In addition to upping the number of Midwestern candidates in the field, Republican Sen. Sam Brownback's creation of an exploratory committee yesterday also draws attention to the fact that there are no bona fide social conservatives among the GOP's current crop of frontrunners. Brownback clearly hopes to change that.
A year ago, few could have predicted that the three frontrunners for the Republican nomination would be a senator who favors embryonic stem cell research and a path to citizenship for illegal immigrants, a governor who twice campaigned on defending abortion rights, and a former mayor who not only supports gay rights but lived with a gay couple -- and their pet Shih Tzu -- after the breakup of his second marriage. But as one of us writes on MSNBC.com, McCain, Mitt Romney and Rudy Giuliani have emerged as their party's favorites after the GOP's midterm losses. That worries some prominent conservatives, even though all three have moved to the right in the past year.
"'Right now, we're very concerned about it,' says Paul Weyrich, chairman and CEO of the conservative Free Congress Foundation. Adds Charmaine Yoest, vice president for communications at the Family Research Council, 'There is a certain lack of excitement at the moment.'"
The fact that no true social conservative is among the party's frontrunners is partly a reflection of the midterm elections, which took out the man many saw as the conservative favorite: George Allen. "'With the Republicans' loss of the House and the Senate, and with the unpopularity of President Bush, I think that Republicans will look for someone who doesn't remind voters of George Bush,' observes Merle Black, a political science professor at Emory University. And Black believes that could possibly strengthen the GOP's hand in the general election. 'They need a candidate who can appeal not only to Republicans, but also independents,' he says. 'That's where Democrats really cleaned up [in 2006] -- with independents.'"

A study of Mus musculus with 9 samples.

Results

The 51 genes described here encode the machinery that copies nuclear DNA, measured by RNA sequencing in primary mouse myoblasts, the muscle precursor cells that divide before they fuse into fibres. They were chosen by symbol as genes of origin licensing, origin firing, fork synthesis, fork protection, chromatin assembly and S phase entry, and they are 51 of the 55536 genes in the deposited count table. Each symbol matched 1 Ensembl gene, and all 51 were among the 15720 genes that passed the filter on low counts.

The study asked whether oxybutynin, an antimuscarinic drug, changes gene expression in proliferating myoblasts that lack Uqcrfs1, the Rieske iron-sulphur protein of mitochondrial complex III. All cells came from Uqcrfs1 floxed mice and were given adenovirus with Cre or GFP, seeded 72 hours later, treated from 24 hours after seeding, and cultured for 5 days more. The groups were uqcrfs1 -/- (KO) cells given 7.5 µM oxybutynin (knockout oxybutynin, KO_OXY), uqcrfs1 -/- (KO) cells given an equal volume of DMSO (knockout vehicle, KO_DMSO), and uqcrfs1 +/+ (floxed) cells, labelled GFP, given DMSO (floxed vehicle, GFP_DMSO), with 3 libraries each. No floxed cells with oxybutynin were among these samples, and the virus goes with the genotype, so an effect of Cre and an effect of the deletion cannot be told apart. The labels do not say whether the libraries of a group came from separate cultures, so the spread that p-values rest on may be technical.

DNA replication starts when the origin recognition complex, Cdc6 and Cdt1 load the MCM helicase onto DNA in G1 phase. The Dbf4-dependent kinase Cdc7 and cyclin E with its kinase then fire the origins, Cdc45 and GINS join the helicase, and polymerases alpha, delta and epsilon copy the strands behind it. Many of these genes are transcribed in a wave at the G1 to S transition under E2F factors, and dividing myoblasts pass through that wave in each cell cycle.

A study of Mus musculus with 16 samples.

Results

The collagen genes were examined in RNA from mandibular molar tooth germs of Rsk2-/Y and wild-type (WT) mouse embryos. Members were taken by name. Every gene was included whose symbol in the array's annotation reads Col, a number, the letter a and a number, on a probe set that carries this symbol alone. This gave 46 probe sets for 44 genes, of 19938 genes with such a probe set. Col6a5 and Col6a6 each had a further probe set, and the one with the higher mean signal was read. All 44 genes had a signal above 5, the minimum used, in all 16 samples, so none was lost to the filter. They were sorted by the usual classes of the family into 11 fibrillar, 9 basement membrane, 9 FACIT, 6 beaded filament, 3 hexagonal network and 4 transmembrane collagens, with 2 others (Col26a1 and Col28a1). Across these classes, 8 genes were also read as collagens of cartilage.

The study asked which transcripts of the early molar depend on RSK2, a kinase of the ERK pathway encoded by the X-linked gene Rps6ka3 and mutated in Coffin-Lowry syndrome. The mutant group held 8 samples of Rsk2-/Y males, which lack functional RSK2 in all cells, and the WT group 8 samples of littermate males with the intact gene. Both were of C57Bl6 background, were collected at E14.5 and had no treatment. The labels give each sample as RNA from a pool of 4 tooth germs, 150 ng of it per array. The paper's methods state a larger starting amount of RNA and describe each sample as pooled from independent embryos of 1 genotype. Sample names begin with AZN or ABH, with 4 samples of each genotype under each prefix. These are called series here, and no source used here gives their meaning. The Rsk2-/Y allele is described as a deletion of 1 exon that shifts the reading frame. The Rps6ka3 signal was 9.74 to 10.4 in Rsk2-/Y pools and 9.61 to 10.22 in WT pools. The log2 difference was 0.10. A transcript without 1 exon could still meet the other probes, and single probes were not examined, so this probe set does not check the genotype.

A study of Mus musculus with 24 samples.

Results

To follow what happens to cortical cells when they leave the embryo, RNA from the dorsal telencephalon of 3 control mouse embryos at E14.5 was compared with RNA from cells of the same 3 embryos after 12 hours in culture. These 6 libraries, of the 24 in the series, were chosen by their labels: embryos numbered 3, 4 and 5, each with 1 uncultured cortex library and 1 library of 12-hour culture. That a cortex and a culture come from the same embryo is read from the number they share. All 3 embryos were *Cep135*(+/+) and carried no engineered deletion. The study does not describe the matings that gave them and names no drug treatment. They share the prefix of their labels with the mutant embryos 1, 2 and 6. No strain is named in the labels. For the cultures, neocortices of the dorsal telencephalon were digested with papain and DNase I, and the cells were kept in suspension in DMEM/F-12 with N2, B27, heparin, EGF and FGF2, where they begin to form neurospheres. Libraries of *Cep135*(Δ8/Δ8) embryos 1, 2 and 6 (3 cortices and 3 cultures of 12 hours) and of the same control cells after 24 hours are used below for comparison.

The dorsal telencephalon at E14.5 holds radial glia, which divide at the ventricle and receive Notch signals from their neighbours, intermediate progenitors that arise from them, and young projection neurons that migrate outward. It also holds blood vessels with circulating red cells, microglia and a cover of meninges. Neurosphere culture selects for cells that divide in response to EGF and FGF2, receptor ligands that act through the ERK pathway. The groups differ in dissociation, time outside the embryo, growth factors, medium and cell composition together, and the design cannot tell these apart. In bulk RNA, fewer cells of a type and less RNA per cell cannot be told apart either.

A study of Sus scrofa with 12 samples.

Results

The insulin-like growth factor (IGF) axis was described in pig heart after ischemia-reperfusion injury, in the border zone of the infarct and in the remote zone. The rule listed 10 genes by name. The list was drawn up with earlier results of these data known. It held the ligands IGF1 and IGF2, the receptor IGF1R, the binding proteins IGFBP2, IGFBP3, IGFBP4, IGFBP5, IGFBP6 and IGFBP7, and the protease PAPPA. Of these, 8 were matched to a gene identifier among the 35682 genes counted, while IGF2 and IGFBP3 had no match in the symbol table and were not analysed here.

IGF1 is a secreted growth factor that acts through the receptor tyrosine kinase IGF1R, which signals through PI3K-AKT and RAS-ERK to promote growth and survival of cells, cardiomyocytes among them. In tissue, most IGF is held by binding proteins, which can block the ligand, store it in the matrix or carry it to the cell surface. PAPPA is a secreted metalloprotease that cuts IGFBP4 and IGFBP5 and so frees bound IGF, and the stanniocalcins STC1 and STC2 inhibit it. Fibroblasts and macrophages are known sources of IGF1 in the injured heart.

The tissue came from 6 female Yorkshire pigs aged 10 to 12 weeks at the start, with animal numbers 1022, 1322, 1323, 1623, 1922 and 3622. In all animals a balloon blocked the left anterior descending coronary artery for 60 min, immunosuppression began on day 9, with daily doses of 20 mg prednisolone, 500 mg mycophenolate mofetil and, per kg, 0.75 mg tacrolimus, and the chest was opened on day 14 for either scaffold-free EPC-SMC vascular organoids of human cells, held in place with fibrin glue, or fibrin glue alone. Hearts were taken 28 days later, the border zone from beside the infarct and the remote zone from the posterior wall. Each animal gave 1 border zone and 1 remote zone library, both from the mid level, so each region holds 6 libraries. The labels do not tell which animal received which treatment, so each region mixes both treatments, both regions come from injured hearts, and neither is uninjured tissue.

"Political observers view Brownback as an ambitious, hardworking politician who has earned the loyalty of GOP evangelical conservatives," says the Topeka paper. "However, they say, Brownback remains a long-shot candidate to capture the White House... Allan Cigler, professor of political science at The University of Kansas, said Brownback's popularity among Christian voters was unlikely to produce the kind of financial reservoir necessary to run a viable campaign."
Brownback "has worked with Democrats on bills to stop human trafficking, end starvation in Uganda and genocide in Sudan, extend a path to citizenship to illegal immigrants, curb prison recidivism and ease the AIDS epidemic in Africa. He has also pushed for a Smithsonian museum on African American history and for a federal apology to Native Americans, to 'help us move toward reconciliation' with two groups that 'didn't feel like America had been fair to them.'"
After a 10-state tour, Brownback is going to jail. "He plans to spend Friday night at Louisiana's notorious state penitentiary in Angola to highlight the problem of recidivism and programs that can help prisoners become law-abiding members of the community."